Traditional poutine is a Canadian specialty of French fries and cheese curds smothered in gravy. Kosher poutine is a bit of a challenge, but fear not as I have mastered the art with shredded fresh mozzarella to replace the curds and a parmesan ‘gravy’. This is a great dish for Hannukah, as dairy is customarily eaten on Chanukah to remember the bravery of Yehudit. Note: you may need to take a nap afterwards!






Skill level

Average: 3.7 (29 votes)


  • 4 large nicola or desiree potatoes, peeled, chopped
  • 1 small white onion, chopped
  • 2 large eggs, lightly beaten
  • 1½ tbsp matzo meal (see note)
  • 2 tsp kosher or coarse cooking salt
  • freshly ground black pepper, to season
  • vegetable oil, to shallow-fry
  • 1 ball fresh kosher mozzarella, shredded


Parmesan gravy

  • 15 g butter
  • 1 garlic clove, crushed
  • 3 tsp plain flour
  • 240 ml vegetable stock
  • 2 tsp soy sauce
  • 1½ tbsp grated kosher parmesan
  • salt and pepper, to taste

Cook's notes

Oven temperatures are for conventional; if using fan-forced (convection), reduce the temperature by 20˚C. | We use Australian tablespoons and cups: 1 teaspoon equals 5 ml; 1 tablespoon equals 20 ml; 1 cup equals 250 ml. | All herbs are fresh (unless specified) and cups are lightly packed. | All vegetables are medium size and peeled, unless specified. | All eggs are 55-60 g, unless specified.


Place the potatoes and onions in a food processor and process until finely chopped, then immediately place in a bowl of water to prevent browning. Strain through a sieve, then place on a large piece of muslin or clean Chux. Wrap tightly and squeeze out as much liquid as possible into a bowl. Let the liquid sit for 5 minutes or until the potato starch settles to the bottom. Slowly pour off the liquid into the sink, leaving the potato starch in the bowl. Add the eggs, matzo meal, salt and pepper to the starch and stir to combine. Stir in the potato mixture.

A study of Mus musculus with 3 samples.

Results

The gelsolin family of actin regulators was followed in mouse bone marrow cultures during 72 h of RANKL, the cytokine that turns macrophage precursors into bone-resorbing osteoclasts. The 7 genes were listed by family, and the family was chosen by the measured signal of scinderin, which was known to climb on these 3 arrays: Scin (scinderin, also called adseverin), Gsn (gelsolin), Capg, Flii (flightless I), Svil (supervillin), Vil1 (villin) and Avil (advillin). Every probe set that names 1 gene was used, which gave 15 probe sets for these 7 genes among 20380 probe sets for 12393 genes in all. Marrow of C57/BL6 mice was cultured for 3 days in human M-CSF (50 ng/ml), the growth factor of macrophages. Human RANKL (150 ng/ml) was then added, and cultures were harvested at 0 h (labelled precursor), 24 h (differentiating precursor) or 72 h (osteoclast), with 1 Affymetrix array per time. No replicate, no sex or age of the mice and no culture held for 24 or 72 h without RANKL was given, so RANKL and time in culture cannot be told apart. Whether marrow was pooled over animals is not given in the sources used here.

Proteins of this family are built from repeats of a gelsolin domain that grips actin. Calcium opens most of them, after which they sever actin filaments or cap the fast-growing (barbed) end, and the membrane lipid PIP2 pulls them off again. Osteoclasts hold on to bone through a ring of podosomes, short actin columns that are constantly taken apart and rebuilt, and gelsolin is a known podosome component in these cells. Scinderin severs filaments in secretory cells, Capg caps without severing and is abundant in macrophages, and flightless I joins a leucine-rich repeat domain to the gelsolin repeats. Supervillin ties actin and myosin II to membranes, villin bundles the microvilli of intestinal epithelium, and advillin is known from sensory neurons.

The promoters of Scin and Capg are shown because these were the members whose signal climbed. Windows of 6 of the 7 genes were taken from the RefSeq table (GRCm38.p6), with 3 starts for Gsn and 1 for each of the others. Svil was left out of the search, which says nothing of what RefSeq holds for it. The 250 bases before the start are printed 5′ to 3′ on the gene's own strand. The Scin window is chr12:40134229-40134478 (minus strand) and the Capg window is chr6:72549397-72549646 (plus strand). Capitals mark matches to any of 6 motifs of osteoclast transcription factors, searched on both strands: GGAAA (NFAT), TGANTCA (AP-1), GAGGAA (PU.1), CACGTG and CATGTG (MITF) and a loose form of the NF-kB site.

Fill a large frypan ½ cm deep with the oil and heat over medium heat. Working in batches, using a mini ice cream scoop, scoop potato mixture into pan. Cook, turning, for 4–5 minutes or until golden brown all over. Drain on paper towels and keep warm.

To make the parmesan gravy, melt the butter in a saucepan over medium heat. Add the garlic and cook, stirring, for 1 minute or until softened and fragrant, but not browned. Add the flour and stir continuously until deep golden. Be careful not to burn it! Whisking continuously, gradually add the stock, and continue to whisk until the mixture comes to a boil. Add the soy sauce and parmesan, reduce heat to medium-low and cook, whisking constantly, for 5–10 minutes or until smooth and thickened. Season with salt and pepper (it shouldn’t need more than a pinch of salt because the soy sauce and parmesan are salty). Strain through a fine-mesh sieve, if desired, for silky smooth gravy. Keep warm.

Place the mini potato latkes on a platter, making sure they are hot so the mozzarella will melt, then scatter over the mozzarella and drizzle generously with the warm gravy to serve.



• Matzo meal is available from the kosher section of selected supermarkets.

• To make it pareve (kosher dairy- and meat-free), omit the parmesan and substitute vegan butter. For a variation, substitute the mini latkes for French fries, potato wedges or tater tots.


Recipe from Busy in Brooklyn by Chanie Apfelbaum, with photography by Chanie Apfelbaum.